Inside Extreme Scale Tech|Friday, September 19, 2014


Pivotal Software, an enterprise PaaS provider coordinating the transition to the Cloud Foundry Foundation, announced the new members. They are: Accenture, BNY Mellon, Capgemini, Ericsson, GE, Intel, NTT, and Verizon.

They join existing members that include EMC, HP, IBM, Pivotal, Rackspace Hosting, SAP, and VMware, as well as founding “Gold” level members ActiveState and CenturyLink. A long list of global companies and institutions have signed licensing agreements to participate in Cloud Foundry, including Chinese telecommunications giant Huawei and Zhejiang University.

Pivotal said members have signed non-binding agreements to join the Foundation, which is expected to be formally launched in the fall of 2014.

Pivotal announced in February 2014 that it would relinquish control over the Cloud Foundry development project and shift control to a foundation. Since then it has announced groups of “platinum” and “gold” members.

Cloud Foundry aims to create an industry ecosystem and user community for open enterprise PaaS. “Through a broad ecosystem of partners, Cloud Foundry will enable the creation of modern applications and services from enterprise brands all over the world that will have a wide reaching impact,” Pivotal CEO Paul Maritz claimed in a statement.

Among the Foundation’s goals, said Ulf Ewaldsson, chief technology officer for Swedish telecommunications giant Ericsson, is building “a production platform for virtualized network functions and other workloads.”

The industry group also is promoting an open ecosystem approach based on developer frameworks and the delivery of application services. Cloud Foundry code is released under an Apache 2.0 license.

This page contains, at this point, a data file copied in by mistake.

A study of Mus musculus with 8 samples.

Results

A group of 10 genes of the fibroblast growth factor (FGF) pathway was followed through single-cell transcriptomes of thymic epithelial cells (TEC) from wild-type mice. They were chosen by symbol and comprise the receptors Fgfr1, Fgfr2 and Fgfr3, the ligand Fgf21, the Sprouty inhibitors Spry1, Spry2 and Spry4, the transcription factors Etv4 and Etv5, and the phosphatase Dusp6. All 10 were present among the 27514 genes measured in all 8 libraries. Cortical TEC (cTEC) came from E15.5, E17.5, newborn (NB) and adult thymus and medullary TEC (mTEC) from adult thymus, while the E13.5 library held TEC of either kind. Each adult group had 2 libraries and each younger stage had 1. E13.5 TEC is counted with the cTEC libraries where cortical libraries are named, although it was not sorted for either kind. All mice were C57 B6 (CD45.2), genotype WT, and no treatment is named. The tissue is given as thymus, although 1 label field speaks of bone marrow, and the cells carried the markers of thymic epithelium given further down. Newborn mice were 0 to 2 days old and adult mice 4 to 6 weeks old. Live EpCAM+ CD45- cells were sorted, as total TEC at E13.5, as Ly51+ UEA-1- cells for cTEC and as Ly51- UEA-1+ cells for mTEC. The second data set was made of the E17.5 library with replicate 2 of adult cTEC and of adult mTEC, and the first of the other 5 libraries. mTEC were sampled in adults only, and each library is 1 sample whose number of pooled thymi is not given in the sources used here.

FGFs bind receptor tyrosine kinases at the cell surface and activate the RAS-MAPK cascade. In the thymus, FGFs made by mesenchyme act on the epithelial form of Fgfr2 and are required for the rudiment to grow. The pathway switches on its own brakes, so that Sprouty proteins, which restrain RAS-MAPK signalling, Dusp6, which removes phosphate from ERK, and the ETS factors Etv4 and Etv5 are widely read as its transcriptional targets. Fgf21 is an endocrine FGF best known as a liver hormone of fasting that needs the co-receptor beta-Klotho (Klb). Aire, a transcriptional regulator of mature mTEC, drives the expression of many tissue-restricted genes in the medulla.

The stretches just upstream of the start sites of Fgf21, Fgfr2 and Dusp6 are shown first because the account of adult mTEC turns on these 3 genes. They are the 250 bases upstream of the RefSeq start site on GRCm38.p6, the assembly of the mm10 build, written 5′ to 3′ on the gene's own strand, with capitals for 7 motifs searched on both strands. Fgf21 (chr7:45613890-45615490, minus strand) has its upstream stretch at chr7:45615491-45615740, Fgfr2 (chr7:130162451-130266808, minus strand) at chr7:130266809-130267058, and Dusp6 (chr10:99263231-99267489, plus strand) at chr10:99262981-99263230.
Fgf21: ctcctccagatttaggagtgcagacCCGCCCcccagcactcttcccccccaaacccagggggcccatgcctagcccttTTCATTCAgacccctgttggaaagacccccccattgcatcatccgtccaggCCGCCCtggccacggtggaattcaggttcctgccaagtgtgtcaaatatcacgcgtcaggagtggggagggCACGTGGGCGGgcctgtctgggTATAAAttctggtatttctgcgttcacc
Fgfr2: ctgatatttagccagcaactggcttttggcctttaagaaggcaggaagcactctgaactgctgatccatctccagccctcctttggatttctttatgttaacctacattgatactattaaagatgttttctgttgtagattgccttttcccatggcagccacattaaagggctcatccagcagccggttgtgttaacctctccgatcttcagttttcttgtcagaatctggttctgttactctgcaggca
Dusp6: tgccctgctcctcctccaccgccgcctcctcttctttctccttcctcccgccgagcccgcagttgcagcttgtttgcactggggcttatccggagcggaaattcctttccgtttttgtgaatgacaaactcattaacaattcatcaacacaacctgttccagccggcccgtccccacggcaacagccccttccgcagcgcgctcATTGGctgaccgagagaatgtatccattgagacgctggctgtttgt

Technology companies are embracing the PaaS approach as a way to add value to existing cloud services. Cloud Foundry members said they are collaborating to ensure an open ecosystem as PaaS moves to the enterprise.

The group has established a ten-member advisory board. Over the past year, contributions to the Foundation have increased 113 percent. Members have contributed nearly 700,000 lines of software code, the group said.

Membership in Cloud Foundry appears to be diversifying as it attracts financial services and technology consulting firms as members. Suresh Kumar, CIO of investment management specialist BNY Mellon, stressed that the groups commitment to open standards would help expand enterprise cloud services.

Some Foundation members have already built PaaS offerings based on open-source approaches. Cloud Foundry is expected to compete against Red Hat’s OpenShift PaaS as well as proprietary services from Amazon, Google, and Microsoft.

Likewise, IT consulting firms like Capegemini said membership in the cloud group would, according to company CTO Lanny Cohen, assist it in helping clients “evolve and transform their application environments and then deploying to public, private and hybrid clouds of their choice.”